There are certain people…
Knowing them, being friends with them, means it’s sorta compulsory to know a bunch of other people and have some sort of nodding acquaintanceship with them.
So, I know this chick, and for some reason she always knows a good number of
white people Caucasians people who turn red when they are embarrassed. At any given time, she knows at least six. A nirvana-bound hippie tourist. A lone-wolfish expat that’s having trouble sleeping at night. A vet on a $500-a-day vacation in Africa Uganda. An engineer without borders. A do-gooder that’s considering cycling from Cairo to Port Elizabeth to raise money for charity. In addition, an ex-supremacist that’s hell-bent on diluting his Caucasian genes by bedding and subsequently marrying a Negro local.
She is like the True North for
white people Caucasians people who turn red when they are embarrassed. They flock to her, I don’t know why. Perhaps it is because she is like one of those éclairs—dark brown on the outside, but creamy white on the inside. Perhaps it is because she is like Eminem, but with the polarities reversed. I don’t know why, truly.
All I know is that hanging out with her and her friends equals hanging out with a range of [dis]beliefs, [non]proofs and [mis]judgements. Sometimes it’s fun. Sometimes it isn’t. Sometimes
white people Caucasians people who turn red when they are embarrassed aren’t so condescending. Sometimes they are. Sometimes they have an actual conversation with you and your face. Sometimes they speak to you only through a certified intermediary, usually another Negro local that speaks their intonation. Sometimes they act surprised when you use a word they don’t know. Sometimes they don’t. Sometimes they act offended by the fact that you know what a traffic light looks like. Sometimes they don’t.
Usually, though, they just want to know why
the hell we insist on producing more children when there are already so many street children and orphans. That a woman like me would want to have two (or three) children of her own when there are so many parentless children out there is by far their greatest source of bewilderment and frustration. For them, this is something that is inconceivable. Can’t we just adopt children? We are such an altruistic and communal society, anyway—so what’s the problem?—why are we sitting on our haunches, waiting for celebrities to adopt our children? Can’t we see our over-population is a ticking time bomb waiting to go off? If every upwardly mobile generation Y-ish couple with a bit of disposable income adopted a kid, say, wouldn’t we well be on the way to la terra promessa? And so on.
What happens after all the fermented grape juice has disappeared and people have started to lose their inhibitions, is that I take all the aforementioned suggestions, context for context, to the one that must be consulted. (See, I am practicing submission. Come what may, and it often does, I am determined to make a good modern African wife.)
The one who must be consulted will go about the business of setting me straight. Never mind that my usual intention is to have some sort of discussion and not necessarily to effect a coup d’état.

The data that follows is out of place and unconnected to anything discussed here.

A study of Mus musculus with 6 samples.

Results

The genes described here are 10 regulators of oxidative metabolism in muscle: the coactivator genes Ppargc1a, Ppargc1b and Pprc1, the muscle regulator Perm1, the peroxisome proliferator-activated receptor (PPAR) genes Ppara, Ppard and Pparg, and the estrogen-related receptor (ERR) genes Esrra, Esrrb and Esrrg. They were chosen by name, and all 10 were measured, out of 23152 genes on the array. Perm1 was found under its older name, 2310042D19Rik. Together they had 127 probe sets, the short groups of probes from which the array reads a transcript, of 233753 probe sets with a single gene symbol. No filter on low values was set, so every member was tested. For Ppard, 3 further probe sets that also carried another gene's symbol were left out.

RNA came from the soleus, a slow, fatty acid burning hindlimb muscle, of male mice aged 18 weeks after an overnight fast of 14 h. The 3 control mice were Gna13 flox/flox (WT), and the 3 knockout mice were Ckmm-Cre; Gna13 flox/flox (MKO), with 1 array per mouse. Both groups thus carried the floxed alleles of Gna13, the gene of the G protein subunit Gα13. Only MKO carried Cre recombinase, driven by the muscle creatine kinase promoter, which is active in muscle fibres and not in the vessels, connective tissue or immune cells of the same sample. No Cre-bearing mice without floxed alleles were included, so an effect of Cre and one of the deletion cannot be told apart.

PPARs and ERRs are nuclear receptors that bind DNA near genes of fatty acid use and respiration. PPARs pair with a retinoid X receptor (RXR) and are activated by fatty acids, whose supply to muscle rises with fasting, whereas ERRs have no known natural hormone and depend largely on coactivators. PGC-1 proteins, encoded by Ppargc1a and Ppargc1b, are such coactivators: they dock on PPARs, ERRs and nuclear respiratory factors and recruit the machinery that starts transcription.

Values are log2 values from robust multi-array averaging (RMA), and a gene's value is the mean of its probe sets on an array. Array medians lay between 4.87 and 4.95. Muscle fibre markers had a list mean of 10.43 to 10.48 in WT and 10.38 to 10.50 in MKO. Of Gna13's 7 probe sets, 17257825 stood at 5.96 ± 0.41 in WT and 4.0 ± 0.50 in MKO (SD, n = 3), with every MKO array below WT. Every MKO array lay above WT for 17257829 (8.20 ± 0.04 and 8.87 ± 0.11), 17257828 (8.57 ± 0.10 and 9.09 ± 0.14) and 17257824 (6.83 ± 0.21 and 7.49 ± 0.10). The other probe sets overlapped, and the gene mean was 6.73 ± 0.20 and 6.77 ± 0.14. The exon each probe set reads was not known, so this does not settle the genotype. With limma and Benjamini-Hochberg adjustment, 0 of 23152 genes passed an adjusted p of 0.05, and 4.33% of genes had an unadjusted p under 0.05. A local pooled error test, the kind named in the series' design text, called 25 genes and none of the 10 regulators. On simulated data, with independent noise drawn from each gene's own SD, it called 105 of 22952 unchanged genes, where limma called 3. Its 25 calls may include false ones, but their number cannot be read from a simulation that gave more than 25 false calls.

‘What?—raise some other bloke’s child?—this is a joke, right?’
‘It’s not like he’ll be my child with some other man. He’ll be the child of another man with another woman,’ I say, trying to be the voice of reason. ‘Or something.’
‘What’s this about?’ the one who must be consulted will ask. He’ll adjust his spectacles, the way he always does when he thinks I’m pulling one over him. ‘You don’t want to have my children?—is that it?’ he’ll ask, totally missing the point. ‘You’d rather some anonymous bloke’s kids?’
That will be my cue to drop the subject. Starting an orphanage is fine. Funding your ‘Good Hope babies home’ is kawa. Adopting a child? On the whole, a total nonstarter. It would appear that if children are to be saved, they must be saved in bulk. Preferably elsewhere. Just not in our backyard.
Yet I will insist in much the usual way we women have been known to.
‘OK. We shall have three of our own…and adopt one,’ I will say, by way of compromising.
The one who must be consulted will appear to think this through. Then, ‘But…why not have all three kiddos nga they are mine?’
‘Don’t you mean ours?’ I’ll ask, arms akimbo.
‘Same thing,’ he’ll reply quickly. ‘Anyway, why is this adoption thing suddenly so important to you?’
‘Suddenly?—when we have been having this conversation since 2008?’
‘You didn’t answer my question.’
‘BECAUSE,’ I begin, ‘there are children out there that need help.’
‘Pah. People shouldn’t bring kids into this world if they can’t take care of them.’
‘Some of these kids’ parents are dead. It’s hardly their fault.’
‘Some of these kids’ parents are alive…very busy making more babies.’
‘You don’t know that.’
‘Exactly my point.’
‘You do know that you haven’t made a single point yet, right?’
‘Besides, there’s no knowing what this kiddo is about. For instance, he—’
‘—or she,’ I cut in.
‘Good grief. Gender balance?—today, on a Tuesday? Seriously?’
‘Fine. I’ll take it down a notch. You were saying?’
‘I was saying this kid could have—’
‘—an incurable disease?—behavioral problems?—a mental illness?’ I offer.
‘Those are your words.’
‘My words, yes…but your thoughts.’
Then, ‘Listen, babe. I’m kind of in the middle of something.’
‘I can see that.’
‘No. I mean I’m really in the middle of something. Like middle of town. Can we pick this up later?’
Except we will only pick it up later only to drop it.